Research & Commentary: Federal Flood Insurance Subsidies in Puget Sound

Published April 23, 2012

For more than four decades, the National Flood Insurance Program (NFIP) has subsidized construction in floodplains in the United States. Although intended to break even and discourage construction in the most flood-prone areas, NFIP has done neither. It writes insurance in many flood-prone areas the private market wouldn’t touch, and it currently owes the U.S. Treasury more than $18 billion. Other taxpayer-funded disaster loans and structural mitigation and erosion control programs further encourage development in floodplains. 

In an effort to prevent environmentally damaging and economically expensive construction in the floodplains of Puget Sound, the National Wildlife Federation filed a lawsuit against the Federal Emergency Management Agency seeking a moratorium on flood insurance policies for properties near the sound. The lawsuit cites potential harm to salmon and orca populations if the government continues to provide flood insurance, and nearly all observers agree the benefits of preserving floodplains—as habitats for non-endangered species, buffers against inland flooding, and areas for outdoor recreation—exceed the issues at stake in the lawsuit. 

Opponents of the lawsuit cite private developers’ inability to afford private insurance coverage for construction and say the federal and local governments are already doing enough to protect the species in question. 

The following articles examine the National Flood Insurance Program, its subsidy for floodplain and coastal development, and the current battle to regulate flood insurance in the Puget Sound region. 

Group Wants Moratorium on Flood Insurance
Writing in the News-Tribune, Phuong Le of the Associated Press reports on the National Wildlife Federation’s lawsuit to prevent expansion of the National Flood Insurance Program to cover environmentally sensitive wetlands near Washington State’s Puget Sound. 

Environmentalists Fight FEMA over Puget Sound
Paul Darin and Lisa Wederspahn of the Epoch Times discuss the legal efforts of the National Wildlife Federation to prevent development in the floodplains of Puget Sound and several lawsuits filed against the Federal Emergency Management Agency since 2003.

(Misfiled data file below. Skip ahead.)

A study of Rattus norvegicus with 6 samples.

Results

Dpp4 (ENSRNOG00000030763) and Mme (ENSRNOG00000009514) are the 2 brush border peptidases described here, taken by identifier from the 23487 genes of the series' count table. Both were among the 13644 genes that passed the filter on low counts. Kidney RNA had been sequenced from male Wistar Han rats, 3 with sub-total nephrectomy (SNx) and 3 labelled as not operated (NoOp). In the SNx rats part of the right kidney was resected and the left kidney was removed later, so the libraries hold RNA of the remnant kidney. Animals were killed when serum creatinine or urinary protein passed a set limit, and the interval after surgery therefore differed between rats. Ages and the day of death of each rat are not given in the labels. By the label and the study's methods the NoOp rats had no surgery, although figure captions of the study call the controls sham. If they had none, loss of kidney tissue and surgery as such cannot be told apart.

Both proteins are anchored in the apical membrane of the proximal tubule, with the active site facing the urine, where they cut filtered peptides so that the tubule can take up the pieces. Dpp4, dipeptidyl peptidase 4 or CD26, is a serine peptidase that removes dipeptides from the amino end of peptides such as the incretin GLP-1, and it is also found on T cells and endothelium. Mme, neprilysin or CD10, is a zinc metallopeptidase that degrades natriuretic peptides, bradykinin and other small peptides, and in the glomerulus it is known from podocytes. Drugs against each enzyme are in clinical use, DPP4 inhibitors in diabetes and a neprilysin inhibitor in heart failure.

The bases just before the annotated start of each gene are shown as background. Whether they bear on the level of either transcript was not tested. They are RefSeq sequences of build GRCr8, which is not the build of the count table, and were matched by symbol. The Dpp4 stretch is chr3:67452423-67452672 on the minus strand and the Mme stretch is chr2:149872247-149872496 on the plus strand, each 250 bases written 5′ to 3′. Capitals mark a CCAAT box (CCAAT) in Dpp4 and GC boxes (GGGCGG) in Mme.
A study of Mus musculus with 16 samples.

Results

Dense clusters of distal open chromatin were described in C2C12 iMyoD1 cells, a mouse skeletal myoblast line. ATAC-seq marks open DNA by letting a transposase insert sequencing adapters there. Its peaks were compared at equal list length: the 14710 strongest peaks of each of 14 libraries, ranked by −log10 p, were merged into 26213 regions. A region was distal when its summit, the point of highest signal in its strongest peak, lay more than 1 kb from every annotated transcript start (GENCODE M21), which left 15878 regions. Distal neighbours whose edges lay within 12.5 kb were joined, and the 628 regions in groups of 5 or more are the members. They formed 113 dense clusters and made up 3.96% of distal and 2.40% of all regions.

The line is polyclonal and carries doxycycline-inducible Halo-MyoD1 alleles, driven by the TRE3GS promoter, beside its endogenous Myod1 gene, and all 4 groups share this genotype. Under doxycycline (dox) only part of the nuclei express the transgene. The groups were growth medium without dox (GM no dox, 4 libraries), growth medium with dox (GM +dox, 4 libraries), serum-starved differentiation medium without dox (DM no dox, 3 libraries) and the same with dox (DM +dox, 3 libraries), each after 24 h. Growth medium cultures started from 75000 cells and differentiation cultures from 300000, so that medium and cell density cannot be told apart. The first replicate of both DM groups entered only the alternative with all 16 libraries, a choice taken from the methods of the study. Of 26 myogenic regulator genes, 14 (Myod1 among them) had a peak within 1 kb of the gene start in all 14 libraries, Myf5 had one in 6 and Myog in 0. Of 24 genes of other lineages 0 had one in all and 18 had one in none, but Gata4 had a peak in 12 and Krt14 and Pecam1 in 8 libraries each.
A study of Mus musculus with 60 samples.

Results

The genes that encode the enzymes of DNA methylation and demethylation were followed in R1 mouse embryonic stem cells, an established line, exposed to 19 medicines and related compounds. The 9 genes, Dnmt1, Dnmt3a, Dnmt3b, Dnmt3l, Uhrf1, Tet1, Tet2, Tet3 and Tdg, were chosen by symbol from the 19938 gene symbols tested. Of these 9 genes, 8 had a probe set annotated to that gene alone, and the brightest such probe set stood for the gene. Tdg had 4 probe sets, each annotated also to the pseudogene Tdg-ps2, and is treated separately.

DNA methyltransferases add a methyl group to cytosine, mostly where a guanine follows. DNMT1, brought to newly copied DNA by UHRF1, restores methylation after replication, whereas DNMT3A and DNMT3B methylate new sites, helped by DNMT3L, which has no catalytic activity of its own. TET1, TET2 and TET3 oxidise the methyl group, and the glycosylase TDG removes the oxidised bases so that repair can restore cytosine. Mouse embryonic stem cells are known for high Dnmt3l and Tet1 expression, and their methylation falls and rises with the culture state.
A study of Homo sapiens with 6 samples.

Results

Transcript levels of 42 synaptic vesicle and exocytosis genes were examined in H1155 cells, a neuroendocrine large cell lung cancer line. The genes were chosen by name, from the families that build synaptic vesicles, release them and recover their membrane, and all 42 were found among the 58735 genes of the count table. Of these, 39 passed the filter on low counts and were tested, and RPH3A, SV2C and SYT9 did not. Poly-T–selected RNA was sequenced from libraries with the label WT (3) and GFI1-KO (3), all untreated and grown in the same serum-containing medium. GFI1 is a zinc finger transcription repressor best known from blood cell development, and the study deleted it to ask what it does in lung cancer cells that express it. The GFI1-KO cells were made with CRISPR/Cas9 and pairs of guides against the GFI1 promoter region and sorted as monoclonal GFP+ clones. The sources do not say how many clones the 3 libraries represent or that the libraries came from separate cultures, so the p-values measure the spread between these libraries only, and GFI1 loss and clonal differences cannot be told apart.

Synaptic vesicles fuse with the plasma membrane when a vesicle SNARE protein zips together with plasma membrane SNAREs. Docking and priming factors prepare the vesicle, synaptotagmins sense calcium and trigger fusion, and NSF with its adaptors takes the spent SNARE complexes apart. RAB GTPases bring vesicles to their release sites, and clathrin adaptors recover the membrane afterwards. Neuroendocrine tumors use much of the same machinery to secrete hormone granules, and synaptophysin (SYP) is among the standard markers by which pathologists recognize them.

Subsidizing Disaster]
Christy Black of the National Center for Policy Analysis examines the National Flood Insurance Program and the consequences of subsidizing home construction in flood-prone areas.

FAQ: A Guide to Flooding in Puget Sound
The National Wildlife Federation outlines its stance against construction in the Puget Sound floodplains and its opposition to federal subsidies of flood insurance. While endangering local wildlife, the government’s flood insurance policies have cost the region millions of dollars and far too many lives, the NWF argues. 

Watery Marauders: How the Federal Government Retarded the Development of Private Flood Insurance
Eli Lehrer of The Heartland Institute examines the development of the National Flood Insurance Program and its negative effects on the growth of private flood insurers. 

GAO Report Slams FEMA Management of National Flood Insurance Program
The Heartlander digital magazine reports on a recent Government Accountability Office study criticizing the Federal Emergency Management Agency’s management of the National Flood Insurance Program. 

Moral Hazard in Action: Who Insures Against Floods and Why?
Writing for Consumers’ Research, John Hood explains how the National Flood Insurance Program skews the perception of flood risk, inducing homeowners to build in flood-prone areas, with disastrous results. 

Congress to Mull Major Reforms to National Flood Insurance Program
The Heartlander digital magazine examines several measures Congress will be considering to reform or even eliminate the debt-ridden National Flood Insurance Program. 

Research & Commentary: Flood Mitigation, Levees, and Flood Maps–commentary-flood-mitigation-levees-and-flood-maps
This Research & Commentary examines the role of levees in flood mitigation, the importance of accurate flood mapping, and the effects of map changes on flood insurance.